July 11, 2006
The H5N1 HA sequences from a human case in Djibouti, A/Djibouti/5691NAMRU3/2006(H5N1) has been released. As expected, te sequence was a Qinghai sequence which had acquired a series of new polymorphisms. These polymorphisms demonstrate the evolution of H5N1 ad allow the isolates to be grouped and analyzed. The partial 1311 BP sequence has 14 such changes and 11 of them are also found in a chicken and human isolate from nearby Egypt, A/chicken/Egypt/960N3-004/2006 and A/Egypt/2782-NAMRU3/2006, respectively, demonstrating significant evolution from the H5N1 sequences from Qinghai Lake in China and Novosibirsk in Russia. Six or seven of the 11 changes are also found in isolates from Italy, A/mallard/italy/332/2006 and A/Cygnus olor/Czech Republic/5170/2006.
These relationships indicate the H5N1 sequences are acquiring new polymorphisms via recombination with other Qinghai sequences in the area.
A recent presentation at the meeting on H5N1 and wild birds included phylogenetic trees of H5N1 in Europe. These trees have an increasing number of branches for these Qinghai isolates. Recently two groups of isolates from Lagos, Nigeria were described, which differ from each other and isolates in northern Nigeria and southern Niger. These four distinct groupings of H5N1 in Nigeria differed from the Egypt/Djoubi isolates, but it is likely that representatives from this latest grouping also migrated to Nigeria, where sequence data is just beginning to emerge.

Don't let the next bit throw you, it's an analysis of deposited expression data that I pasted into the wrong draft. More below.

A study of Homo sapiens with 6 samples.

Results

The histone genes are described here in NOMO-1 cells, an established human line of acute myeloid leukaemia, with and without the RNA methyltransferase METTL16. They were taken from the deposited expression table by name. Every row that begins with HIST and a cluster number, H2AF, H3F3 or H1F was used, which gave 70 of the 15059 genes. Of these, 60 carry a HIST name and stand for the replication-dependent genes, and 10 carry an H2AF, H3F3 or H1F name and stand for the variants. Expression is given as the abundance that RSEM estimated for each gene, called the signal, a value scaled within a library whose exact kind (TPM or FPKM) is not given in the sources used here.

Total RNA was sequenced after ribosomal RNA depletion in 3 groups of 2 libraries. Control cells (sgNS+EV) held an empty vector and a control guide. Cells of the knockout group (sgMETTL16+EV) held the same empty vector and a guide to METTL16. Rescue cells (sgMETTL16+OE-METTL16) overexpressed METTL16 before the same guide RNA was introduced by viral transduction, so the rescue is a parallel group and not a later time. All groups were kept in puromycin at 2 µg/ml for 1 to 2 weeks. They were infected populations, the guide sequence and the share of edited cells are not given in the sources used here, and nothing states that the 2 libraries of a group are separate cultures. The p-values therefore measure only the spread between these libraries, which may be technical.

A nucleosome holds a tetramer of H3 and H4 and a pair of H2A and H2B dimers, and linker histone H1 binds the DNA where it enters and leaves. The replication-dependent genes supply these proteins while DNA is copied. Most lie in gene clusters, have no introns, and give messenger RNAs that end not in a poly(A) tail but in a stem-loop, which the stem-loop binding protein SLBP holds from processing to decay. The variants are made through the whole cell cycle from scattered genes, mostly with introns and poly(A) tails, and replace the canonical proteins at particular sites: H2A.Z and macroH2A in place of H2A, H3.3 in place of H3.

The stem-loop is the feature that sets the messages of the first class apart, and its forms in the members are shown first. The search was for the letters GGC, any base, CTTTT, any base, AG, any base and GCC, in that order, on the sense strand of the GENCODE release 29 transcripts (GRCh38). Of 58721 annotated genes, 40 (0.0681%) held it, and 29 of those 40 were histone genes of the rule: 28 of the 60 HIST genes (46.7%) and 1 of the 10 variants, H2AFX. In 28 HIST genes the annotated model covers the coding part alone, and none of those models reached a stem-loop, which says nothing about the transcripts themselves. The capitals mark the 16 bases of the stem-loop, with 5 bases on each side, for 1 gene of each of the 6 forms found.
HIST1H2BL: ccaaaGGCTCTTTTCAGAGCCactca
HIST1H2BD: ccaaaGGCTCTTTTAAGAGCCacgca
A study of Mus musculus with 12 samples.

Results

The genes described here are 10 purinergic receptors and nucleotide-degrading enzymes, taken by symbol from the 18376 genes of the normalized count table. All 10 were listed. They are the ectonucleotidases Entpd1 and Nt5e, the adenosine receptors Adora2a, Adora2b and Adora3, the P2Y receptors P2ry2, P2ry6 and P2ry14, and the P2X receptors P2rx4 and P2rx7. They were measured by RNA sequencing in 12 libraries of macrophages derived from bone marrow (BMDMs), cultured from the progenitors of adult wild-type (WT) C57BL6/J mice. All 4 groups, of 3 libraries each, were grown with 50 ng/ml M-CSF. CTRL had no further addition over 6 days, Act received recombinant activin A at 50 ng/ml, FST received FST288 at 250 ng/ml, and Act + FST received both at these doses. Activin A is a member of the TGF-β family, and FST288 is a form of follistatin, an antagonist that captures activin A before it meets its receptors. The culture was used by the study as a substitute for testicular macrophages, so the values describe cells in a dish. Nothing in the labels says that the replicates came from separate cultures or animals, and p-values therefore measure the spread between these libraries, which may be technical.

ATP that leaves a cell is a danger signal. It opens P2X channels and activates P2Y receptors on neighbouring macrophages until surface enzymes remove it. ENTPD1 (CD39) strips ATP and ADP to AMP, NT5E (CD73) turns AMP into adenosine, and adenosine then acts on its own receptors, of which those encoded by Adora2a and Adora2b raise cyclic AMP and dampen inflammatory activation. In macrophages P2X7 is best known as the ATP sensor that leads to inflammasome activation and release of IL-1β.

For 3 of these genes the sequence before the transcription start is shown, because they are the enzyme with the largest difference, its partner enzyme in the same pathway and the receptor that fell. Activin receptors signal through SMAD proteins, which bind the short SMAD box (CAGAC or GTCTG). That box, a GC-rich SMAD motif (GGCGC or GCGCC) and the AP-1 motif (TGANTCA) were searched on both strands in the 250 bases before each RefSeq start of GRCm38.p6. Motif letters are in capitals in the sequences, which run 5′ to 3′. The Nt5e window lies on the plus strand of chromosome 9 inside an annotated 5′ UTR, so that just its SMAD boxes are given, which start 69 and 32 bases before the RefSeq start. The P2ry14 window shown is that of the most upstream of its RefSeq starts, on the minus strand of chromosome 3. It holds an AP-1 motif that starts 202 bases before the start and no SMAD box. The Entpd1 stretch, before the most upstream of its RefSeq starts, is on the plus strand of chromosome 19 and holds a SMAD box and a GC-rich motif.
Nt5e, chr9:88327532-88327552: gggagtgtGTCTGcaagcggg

The phylogenetic trees and newly emerging sequence data clearly show rapid diversification of Qinghai sequences throughout Europe, the Middle East, and Africa, raising concerns over cross-reactivity of pandemic vaccines and new problems in the fall after more recombination in wintering sites southern Siberia and northern Mongolia.